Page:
As a Pilates instructor, it is quite common to take clients who are either undoing going cancer treatment or recovering following treatment. In fact, more and more studies are highlighting the physical and psychological benefits of Pilates in clients’ treatment and recovery. After radiation and chemotherapy, it is common for people to lose muscle mass and Pilates can be a great option for regaining strength. While some people may choose to perform Pilates while undergoing cancer treatment, this may not be an option for others who feel too unwell to exercise during treatment. Because of this, as a Pilates instructor, you will more commonly encounter clients in your classes who are recovering following cancer treatment.
While each type of cancer can very different and pose individual implications for Pilates, here are some general tips for instructing Pilates to clients with cancer.
TIP #1: Change Class Focus
The focus of your classes should be on gentle, light exercise and stretching rather than pushing clients hard. Don’t focus on the aesthetics of Pilates, for example, “this exercise is great for toning and lifting the buttocks”. As this is most likely not a priority for anyone going through or recovering from treatment. Instead focus on helping and motivating the client to feel well as they gain strength and mobility.
TIP #2: Rest as Needed
Be aware that clients undergoing treatment may be weaker than normal and most likely won’t feel well. This means that they may need to take more rest breaks. Don’t push the client to continue if they want to rest.
TIP #3: Limit Position Changes
The client may feel unwell or nauseous if undergoing treatment and constantly moving positions (getting up and down) may exacerbate the nausea. If this is the case, try to limit position changes as much as possible.
TIP #4: Utilise Props
If the client is feeling nauseous, you can keep the head up with a head cushion to make them more comfortable.
TIP #5: Change Room Temperature as Needed
Ask your client how the room temperate feels (they may feel unwell if the room is too warm) and set the room temperature accordingly for comfort.
TIP #6: Sessions May be Shorter
Session duration may differ from week to week depending on how the client is feeling. Give permission for the client to leave earlier if they are feeling unwell.
TIP #7: Balance May Be Affected
Certain treatments or medications may affect a client’s balance. If this is the case, avoid exercises which could be dangerous (such as standing up on the reformer).
TIP #8: Avoid Lying on Surgical Scars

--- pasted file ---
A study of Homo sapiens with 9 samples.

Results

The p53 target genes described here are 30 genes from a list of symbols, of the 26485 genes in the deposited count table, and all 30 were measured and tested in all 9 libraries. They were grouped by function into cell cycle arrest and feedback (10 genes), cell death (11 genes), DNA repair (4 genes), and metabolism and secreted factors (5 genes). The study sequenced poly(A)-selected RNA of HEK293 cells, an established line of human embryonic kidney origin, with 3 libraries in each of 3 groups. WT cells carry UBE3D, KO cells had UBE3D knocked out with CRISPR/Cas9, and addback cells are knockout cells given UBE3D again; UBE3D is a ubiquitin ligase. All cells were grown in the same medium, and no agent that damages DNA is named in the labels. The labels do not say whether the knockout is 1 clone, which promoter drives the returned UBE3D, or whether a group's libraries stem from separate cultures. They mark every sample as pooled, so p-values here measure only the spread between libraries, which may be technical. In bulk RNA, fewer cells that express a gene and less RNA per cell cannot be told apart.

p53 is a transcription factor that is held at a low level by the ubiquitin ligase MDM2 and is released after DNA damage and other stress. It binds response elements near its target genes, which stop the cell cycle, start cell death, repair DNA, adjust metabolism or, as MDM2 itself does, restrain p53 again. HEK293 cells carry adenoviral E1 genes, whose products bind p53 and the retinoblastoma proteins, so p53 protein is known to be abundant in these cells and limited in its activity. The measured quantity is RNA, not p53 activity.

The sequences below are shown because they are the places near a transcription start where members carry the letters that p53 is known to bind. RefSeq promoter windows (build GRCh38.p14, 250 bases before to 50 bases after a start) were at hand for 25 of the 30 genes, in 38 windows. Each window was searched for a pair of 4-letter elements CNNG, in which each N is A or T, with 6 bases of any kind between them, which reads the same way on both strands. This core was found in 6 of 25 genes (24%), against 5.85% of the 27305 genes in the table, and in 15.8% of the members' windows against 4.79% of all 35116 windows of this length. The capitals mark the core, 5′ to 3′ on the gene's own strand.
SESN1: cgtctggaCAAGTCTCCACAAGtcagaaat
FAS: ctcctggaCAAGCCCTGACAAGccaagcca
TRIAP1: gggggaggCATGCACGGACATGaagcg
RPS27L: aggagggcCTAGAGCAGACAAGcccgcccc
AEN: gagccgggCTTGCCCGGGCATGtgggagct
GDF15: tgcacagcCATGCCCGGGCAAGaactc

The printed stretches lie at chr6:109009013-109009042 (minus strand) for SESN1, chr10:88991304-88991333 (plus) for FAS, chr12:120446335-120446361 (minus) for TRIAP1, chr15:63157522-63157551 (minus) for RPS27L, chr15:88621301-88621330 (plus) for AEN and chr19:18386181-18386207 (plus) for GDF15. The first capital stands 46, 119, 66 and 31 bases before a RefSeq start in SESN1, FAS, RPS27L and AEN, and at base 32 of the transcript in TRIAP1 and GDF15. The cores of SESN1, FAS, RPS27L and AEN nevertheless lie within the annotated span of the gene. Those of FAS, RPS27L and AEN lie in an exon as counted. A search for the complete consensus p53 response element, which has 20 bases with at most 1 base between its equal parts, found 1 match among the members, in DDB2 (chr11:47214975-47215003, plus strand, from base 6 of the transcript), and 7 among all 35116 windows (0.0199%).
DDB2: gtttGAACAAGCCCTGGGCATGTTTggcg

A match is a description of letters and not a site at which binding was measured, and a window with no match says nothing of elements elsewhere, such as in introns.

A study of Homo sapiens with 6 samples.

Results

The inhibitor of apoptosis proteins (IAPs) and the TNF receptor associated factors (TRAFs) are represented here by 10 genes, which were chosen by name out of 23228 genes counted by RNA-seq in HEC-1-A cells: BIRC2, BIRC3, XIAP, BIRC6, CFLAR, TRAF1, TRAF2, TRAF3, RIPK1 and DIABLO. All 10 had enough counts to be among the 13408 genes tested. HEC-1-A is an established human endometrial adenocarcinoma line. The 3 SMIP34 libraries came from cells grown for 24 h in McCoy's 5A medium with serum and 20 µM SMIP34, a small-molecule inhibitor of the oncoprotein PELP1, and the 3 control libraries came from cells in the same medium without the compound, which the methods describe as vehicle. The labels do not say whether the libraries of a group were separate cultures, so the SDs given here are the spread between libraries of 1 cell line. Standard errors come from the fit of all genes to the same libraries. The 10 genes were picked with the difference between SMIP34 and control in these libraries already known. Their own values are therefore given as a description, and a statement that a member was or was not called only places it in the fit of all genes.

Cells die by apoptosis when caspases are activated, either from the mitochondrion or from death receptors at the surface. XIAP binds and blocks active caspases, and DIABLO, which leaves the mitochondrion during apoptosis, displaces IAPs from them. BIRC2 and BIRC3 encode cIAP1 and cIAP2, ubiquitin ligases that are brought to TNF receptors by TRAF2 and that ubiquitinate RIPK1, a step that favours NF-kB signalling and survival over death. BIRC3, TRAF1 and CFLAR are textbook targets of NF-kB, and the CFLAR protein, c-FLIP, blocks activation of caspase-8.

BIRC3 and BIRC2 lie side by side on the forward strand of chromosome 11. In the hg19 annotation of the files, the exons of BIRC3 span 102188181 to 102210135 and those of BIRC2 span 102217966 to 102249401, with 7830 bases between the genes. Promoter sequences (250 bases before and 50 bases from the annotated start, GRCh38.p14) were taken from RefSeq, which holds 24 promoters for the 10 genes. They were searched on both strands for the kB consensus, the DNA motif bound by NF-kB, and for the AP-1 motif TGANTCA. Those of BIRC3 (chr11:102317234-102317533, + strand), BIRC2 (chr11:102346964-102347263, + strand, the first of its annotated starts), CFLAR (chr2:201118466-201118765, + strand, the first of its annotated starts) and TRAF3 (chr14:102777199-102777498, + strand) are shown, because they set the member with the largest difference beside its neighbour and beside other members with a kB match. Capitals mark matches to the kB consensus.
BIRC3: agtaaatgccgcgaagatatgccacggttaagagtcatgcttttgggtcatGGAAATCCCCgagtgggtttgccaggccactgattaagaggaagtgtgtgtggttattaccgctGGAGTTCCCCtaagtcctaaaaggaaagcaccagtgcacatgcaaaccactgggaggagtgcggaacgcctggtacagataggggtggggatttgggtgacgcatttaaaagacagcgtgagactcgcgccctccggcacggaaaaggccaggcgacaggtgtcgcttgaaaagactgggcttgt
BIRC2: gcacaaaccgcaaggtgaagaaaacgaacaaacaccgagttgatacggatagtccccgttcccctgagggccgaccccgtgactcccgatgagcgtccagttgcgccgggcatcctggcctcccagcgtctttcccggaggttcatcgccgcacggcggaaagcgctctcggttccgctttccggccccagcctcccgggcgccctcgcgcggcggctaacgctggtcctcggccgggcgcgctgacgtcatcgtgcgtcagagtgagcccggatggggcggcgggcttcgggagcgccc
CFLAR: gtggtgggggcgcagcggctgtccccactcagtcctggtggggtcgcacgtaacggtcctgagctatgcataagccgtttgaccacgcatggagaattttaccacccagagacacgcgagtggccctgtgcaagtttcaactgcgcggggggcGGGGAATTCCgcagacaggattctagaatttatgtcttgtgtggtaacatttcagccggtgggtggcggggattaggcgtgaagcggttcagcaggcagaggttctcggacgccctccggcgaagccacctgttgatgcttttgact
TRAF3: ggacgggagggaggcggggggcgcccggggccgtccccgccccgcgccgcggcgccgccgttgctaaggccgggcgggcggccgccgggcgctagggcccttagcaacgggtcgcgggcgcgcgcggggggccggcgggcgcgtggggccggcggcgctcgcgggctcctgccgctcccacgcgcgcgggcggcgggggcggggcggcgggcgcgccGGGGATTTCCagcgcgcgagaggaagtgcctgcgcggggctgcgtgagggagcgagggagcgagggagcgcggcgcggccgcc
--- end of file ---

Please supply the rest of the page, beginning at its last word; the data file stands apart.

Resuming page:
If a client has had any surgery as a part of their treatment, scars can be uncomfortable to lie on. Always be guided by a client’s health care professional when it comes to limitations.
TIP #9: Immune System May be Compromised
The client’s immune system may be affected following treatment. As a result, they may easily pick up viruses or bugs. Because of this, always ensure that your studio, clinic or gym is clean and any equipment used is disinfected prior to use. If offering reformer classes, it’s a good idea to provide clean hand straps or head cushions for anyone whose immune system may be compromised.
TIP #10: Nerve Damage May Be Present
Chemotherapy and radiation can cause nerve damage and/or tingling. If this is the case, be guided by the client’s health practitioner. Keep in mind that nerve damage may affect sensation or touch For example, holding hand straps on the reformer or pushing through the feet on the footbar of the reformer can be painful. If this is the case, Matwork Pilates may offer a better alternative.
TIP #11: Be Aware of Movement Restrictions
Anyone who has had surgery may have movement restrictions. For example, breast surgery may affect arm movement. If lymph nodes have been removed, the client may have swelling or lymphedema. In this case, be guided by the client’s health care practitioner.
TIP #12: Check in After the Class
We have already mentioned that you should be guided by the client and how they are feeling throughout the class, but also keep in mind that a client may feel okay during the session, but then feel exhausted for days afterward. We recommend checking in with the client in the days after the class to see how they are feeling. This will help you to gauge intensity for the next class.
As with all health conditions, as a Pilates instructor, you should liaise with your clients’ health practitioner prior to the client through a class.
Bcna.org.au. (2018). Staying mobile after surgery | Breast Cancer Network Australia. [online] Available at: https://www.bcna.org.au/understanding-breast-cancer/treatment/surgery/staying-mobile-after-surgery/ [Accessed 13 Nov. 2018].
Bernardo, L. (2007). The effectiveness of Pilates training in healthy adults: An appraisal of the research literature. Journal of Bodywork and Movement Therapies, 11(2), pp.106-110.
Pilates.com. (2018). Cancer Survivors: Pilates and an Improved Quality of Life | Pilates | Balanced Body. [online] Available at: https://www.pilates.com/BBAPP/V/pilates/library/articles/cancer-survivors.html [Accessed 13 Nov. 2018].
Sener, H., Malkoc, M., Ergin, G., Karadibak, D. and Yavuzsen, T. (2017). Effects of Clinical Pilates Exercises on Patients Developing Lymphedema after Breast Cancer Treatment: A Randomized Clinical Trial. Journal of Breast Health, 13(1), pp.16-22.
Together Against Cancer. (2018). Pilates :: Together Against Cancer. [online] Available at: http://www.togetheragainstcancer.org.uk/pilates/ [Accessed 13 Nov. 2018].